How Families Can Help Students Accelerate Back to Grade Level This Fall

Editor’s note: For tips on how to advocate for learning acceleration in your school, check out our new Accelerate, Don’t Remediate Parent Action Guide. You can read the full Accelerate, Don’t Remediate report here.


About this time last year my family and I were emerging from an abbreviated school year—and I was writing this blog from my hall closet because it was the “quietest place in my house and the only space where I can take video calls without my 7- and 4-year-old daughters joining to say hello to their ‘fans.’” Fast forward twelve months: we’ve conquered a full school term of remote learning, and I have at least been able to move from the hall closet to the kitchen table. (Fingers crossed that sometime soon I’ll make it back to my home office.)

For me and thousands of other parents and caregivers, the last year has been a crash course in becoming an at-home teacher and trying to meet the diverse learning needs of our children. We’ve learned a lot about our students and the environment that best supports them. But as we prepare for school this fall, we’ve been inundated with news that our children face COVID-related learning loss. One recent study found that more students than ever before will start school underprepared. This is especially true for Black students, Latinx students, and students from low-income families compared with their White peers and those from higher-income zip codes. And therein lies the unknown. What skills did my children miss out on learning? How can I make sure they get back on track and have access to grade-level learning? How do I even know what grade-level content looks like for my children?

As we’ve shared on this blog, in resources for school systems, and in our most recent publication, the best way to help students recover unfinished learning is a practice called learning acceleration: starting the year with content for the current grade level, and reviewing skills from previous grades only when students need them to engage with that grade-level work. In other words, as a parent, I shouldn’t see my daughters working on content that’s well below their grade level this fall—even if they missed some parts of the curriculum last year.

But as a non-educator, I struggle with understanding how I can best support and advocate for learning acceleration for my children. I don’t know the ins and outs of the standards at different grade levels—so I’m thankful for resources that help me understand that in accessible language. Seek Common Ground has developed a series of family guides, and Learning Heroes has a Readiness Roadmap to help parents and caregivers know what their children should learn in each grade level. I’m planning to dig into the kindergarten and 4th grade guides over the next few weeks as I gear up for back-to-school parent meetings. I’ll also have in hand a newly-released conversation guide we’ve developed to support parents and caregivers as we talk with teachers and school and district leaders about the learning expectations for the coming year.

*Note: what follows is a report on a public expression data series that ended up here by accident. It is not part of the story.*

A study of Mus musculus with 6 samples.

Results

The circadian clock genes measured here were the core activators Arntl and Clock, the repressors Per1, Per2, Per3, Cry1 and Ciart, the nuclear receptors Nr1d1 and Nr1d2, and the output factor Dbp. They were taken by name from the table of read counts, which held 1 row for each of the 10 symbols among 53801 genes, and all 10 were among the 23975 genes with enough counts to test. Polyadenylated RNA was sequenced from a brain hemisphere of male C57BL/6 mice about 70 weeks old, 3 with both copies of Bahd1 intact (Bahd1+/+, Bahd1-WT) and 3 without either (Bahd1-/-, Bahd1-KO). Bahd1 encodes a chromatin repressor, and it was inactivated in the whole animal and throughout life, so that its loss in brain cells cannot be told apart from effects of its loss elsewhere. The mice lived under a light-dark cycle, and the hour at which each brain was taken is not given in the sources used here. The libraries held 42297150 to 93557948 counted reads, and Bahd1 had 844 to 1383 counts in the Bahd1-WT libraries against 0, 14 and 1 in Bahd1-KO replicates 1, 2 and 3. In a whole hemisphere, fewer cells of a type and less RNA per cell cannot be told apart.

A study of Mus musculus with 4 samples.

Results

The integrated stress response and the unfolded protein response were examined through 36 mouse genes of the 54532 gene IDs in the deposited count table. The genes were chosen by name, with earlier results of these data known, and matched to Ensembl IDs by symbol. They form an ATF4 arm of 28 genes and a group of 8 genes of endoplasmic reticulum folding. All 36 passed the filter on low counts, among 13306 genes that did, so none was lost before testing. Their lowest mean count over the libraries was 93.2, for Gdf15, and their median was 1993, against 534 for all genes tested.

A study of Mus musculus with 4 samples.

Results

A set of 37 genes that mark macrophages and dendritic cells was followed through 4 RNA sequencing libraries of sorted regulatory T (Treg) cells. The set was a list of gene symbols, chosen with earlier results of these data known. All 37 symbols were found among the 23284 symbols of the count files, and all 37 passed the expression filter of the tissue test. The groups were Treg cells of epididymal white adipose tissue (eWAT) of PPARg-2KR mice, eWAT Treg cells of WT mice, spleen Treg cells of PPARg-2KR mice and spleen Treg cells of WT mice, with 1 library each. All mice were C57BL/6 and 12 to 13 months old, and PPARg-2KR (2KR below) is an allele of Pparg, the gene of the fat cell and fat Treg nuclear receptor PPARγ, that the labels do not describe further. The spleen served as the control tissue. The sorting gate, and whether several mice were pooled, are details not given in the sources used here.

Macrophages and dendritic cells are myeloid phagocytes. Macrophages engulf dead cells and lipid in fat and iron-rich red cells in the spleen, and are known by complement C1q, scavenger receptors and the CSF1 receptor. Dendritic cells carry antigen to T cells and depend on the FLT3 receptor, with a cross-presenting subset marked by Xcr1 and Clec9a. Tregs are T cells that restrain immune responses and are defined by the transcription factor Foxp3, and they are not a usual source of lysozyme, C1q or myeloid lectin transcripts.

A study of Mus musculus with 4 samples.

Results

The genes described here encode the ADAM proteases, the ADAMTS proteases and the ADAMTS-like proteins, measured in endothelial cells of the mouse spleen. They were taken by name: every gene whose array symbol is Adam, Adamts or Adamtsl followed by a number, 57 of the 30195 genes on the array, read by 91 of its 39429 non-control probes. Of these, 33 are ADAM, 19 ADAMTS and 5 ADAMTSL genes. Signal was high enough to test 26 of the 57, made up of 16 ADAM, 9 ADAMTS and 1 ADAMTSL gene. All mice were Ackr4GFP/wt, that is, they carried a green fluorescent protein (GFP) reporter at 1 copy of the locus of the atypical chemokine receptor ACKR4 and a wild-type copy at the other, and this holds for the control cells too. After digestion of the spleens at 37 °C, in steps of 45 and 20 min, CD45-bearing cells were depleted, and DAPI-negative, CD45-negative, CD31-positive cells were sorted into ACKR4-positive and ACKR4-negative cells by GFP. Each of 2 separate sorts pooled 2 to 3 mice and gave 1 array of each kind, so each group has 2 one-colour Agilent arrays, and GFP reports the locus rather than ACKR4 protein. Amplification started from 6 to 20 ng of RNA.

I’m entering this new school year more informed, more engaged and a better advocate for my children. Who knows what the first few days of the 2021-22 school year will look like? But regardless of how the day looks, I know that I want my girls to end the day feeling good about the opportunities that lie ahead and with a plan in place to fast forward their learning and the tools to meet and exceed the standards set for them. Together, we will make it happen.

Imali Ariyarathne, seventh-grade teacher at Langston Hughes Academy, stands in front of her students while introducing them to the captivating world of science

Imali Ariyarathne, seventh-grade teacher at Langston Hughes Academy, introduces her students to the captivating world of science.